The case deciding whether credit unions will have to reissue their debit cards inched closer to a conclusion Nov. 20.
Merchants defending U.S. District Court Judge Richard Leon's decision overturning the Federal Reserve's Debit Interchange Regulation filed arguments defending Leon's decision before U.S. Court of Appeals for the District of Columbia Circuit.
In many ways, the appeal briefs paralleled the arguments presented to the lower court, but significantly, the merchants were more explicit about not necessarily demanding debit issuers reissue their existing cards.
Leon's July 31 opinion against the Fed had left the door open to the possibility that credit unions and other debit issuers might have to reissue debit cards, swapping out existing cards that carry the brands of only two debit processing networks for cards that carry the brands of four different debit processing networks, at a potentially enormous expense.
But the merchant's appeal brief suggested that this would not necessarily have to be the case.
“While the Board could ensure compliance with this provision by requiring multiple unaffiliated networks for each method of authentication, it might choose to do so through equally viable non-card based alternatives, such as taking down the prevailing, artificial wall between signature and PIN networks so that every network can process either type of transaction,” the merchants wrote in their argument.
Similar ideas had arisen during discussion with the court after Judge Leon's decision, but the brief made the idea explicit.
However, the merchant coalition, which includes trade associations and individual large retail firms, did not abandon their argument that to conform with requirements of the Durbin Amendment, the Fed would have to draft regulations that allow merchants a choice of at least two networks to route each debit transaction.
This runs counter to the Fed's interpretation of the law which took a card-based approach, declaring it enough for issuers to provide two different payment networks per card, not per transaction.
The retailers maintained their insistence that the law mandates regulation of debit processing by transaction, but suggested that different avenues might be available to comply with the requirement.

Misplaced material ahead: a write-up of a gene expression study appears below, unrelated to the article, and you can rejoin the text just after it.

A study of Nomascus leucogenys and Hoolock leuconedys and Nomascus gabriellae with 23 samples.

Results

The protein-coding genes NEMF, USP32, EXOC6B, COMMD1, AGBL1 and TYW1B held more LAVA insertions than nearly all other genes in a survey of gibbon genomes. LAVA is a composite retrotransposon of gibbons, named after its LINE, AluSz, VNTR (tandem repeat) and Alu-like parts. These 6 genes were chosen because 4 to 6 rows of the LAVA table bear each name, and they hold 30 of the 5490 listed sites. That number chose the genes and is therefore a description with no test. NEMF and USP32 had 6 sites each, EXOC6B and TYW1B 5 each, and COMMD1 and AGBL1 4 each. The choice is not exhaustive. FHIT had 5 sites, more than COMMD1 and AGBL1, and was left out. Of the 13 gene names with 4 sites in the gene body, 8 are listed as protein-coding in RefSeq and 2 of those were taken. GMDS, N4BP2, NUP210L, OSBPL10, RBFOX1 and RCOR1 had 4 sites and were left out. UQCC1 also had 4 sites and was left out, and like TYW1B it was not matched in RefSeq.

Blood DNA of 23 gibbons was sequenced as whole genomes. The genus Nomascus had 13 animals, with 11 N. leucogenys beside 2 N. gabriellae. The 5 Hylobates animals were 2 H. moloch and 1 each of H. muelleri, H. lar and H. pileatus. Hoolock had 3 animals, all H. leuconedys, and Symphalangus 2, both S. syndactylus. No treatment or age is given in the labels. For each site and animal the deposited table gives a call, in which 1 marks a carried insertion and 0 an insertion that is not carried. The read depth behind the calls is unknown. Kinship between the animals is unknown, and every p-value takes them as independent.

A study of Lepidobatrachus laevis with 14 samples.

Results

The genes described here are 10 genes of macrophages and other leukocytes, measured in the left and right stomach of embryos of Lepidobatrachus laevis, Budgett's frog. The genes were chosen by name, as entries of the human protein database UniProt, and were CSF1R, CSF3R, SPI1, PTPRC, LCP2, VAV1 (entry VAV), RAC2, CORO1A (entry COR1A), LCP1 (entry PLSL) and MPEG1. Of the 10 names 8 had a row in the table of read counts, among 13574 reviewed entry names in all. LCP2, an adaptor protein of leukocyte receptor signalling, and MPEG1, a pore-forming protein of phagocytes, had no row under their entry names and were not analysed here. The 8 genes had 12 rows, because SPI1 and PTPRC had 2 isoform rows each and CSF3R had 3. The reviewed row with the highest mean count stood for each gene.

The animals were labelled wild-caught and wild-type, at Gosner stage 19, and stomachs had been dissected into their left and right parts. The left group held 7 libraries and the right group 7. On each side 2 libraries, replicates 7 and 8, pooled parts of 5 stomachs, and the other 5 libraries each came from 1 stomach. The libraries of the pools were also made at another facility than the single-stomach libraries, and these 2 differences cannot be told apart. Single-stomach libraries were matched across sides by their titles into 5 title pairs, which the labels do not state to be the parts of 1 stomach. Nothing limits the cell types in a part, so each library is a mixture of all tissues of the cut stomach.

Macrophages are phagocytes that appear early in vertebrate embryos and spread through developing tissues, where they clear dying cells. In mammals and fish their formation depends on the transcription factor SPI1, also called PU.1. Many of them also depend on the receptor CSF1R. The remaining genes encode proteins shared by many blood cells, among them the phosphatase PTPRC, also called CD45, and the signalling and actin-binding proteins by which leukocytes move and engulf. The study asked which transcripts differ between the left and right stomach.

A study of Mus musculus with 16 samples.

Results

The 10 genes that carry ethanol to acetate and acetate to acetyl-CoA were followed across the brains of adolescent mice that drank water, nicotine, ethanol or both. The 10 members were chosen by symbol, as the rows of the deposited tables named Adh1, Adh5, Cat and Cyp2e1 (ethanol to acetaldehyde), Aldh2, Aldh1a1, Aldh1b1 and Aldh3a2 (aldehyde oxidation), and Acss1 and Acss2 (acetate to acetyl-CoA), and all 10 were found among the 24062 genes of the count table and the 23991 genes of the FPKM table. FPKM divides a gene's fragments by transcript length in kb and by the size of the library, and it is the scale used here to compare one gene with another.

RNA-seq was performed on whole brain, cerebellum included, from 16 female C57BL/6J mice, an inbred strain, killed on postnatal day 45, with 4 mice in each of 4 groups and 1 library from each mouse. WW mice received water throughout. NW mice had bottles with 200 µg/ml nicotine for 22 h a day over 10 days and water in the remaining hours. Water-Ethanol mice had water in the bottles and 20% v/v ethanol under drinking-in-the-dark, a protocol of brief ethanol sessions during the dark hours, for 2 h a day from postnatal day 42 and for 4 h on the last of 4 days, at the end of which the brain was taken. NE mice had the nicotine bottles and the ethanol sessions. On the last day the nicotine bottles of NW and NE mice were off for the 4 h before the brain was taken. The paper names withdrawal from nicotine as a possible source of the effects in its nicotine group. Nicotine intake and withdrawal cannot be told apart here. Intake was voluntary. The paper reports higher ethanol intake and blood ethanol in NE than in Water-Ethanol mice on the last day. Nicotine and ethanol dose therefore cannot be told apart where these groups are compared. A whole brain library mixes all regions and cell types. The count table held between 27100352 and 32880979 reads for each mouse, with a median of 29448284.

“I think our position in the appeal brief reiterates our position before the District Court,” said Douglas Kantor, an attorney with the firm Steptoe and Johnson, which represents some of the retailers in the case.
“We have long recognized that the Federal Reserve Board has some choices about how it implements the Durbin Amendment's requirements on network exclusivity,” he said. Kantor added that if the Fed chose to do so by taking down the barriers between PIN and signature debit networks, the merchants would find that acceptable.
He also countered the notion merchants and debit issuers were fighting over a payment system entering an era of declining popularity as the industry begins to move to chip-based EMV transactions.
Kantor pointed to the care he said Sen. Richard Durbin (D-Ill.) used when drafting the statute, not to tie it to any one method of authentication.
“No matter how they are authenticated,” he said, “they will still be debit transactions and still subject to the law.”
Most of the retailer arguments concerning the cap itself reflected the group’s arguments to Leon, and criticized the Fed for not interpreting the Durbin Amendment according to its clear language.
“Given the shaky foundation on which the Final Rule rests, it is no surprise that several particular costs allowed therein are explicitly forbidden by the Durbin Amendment,” the retailers wrote. “The vast majority of additional costs permitted by the Board’s expansive interpretation of allowable costs—such as fixed equipment, hardware and software costs—are incurred by issuing banks whether or not a particular transaction ever takes place.”
The Federal Reserve now has until December 4 to file a response to the merchant's argument and oral arguments have been scheduled in the case for Jan. 17, 2014.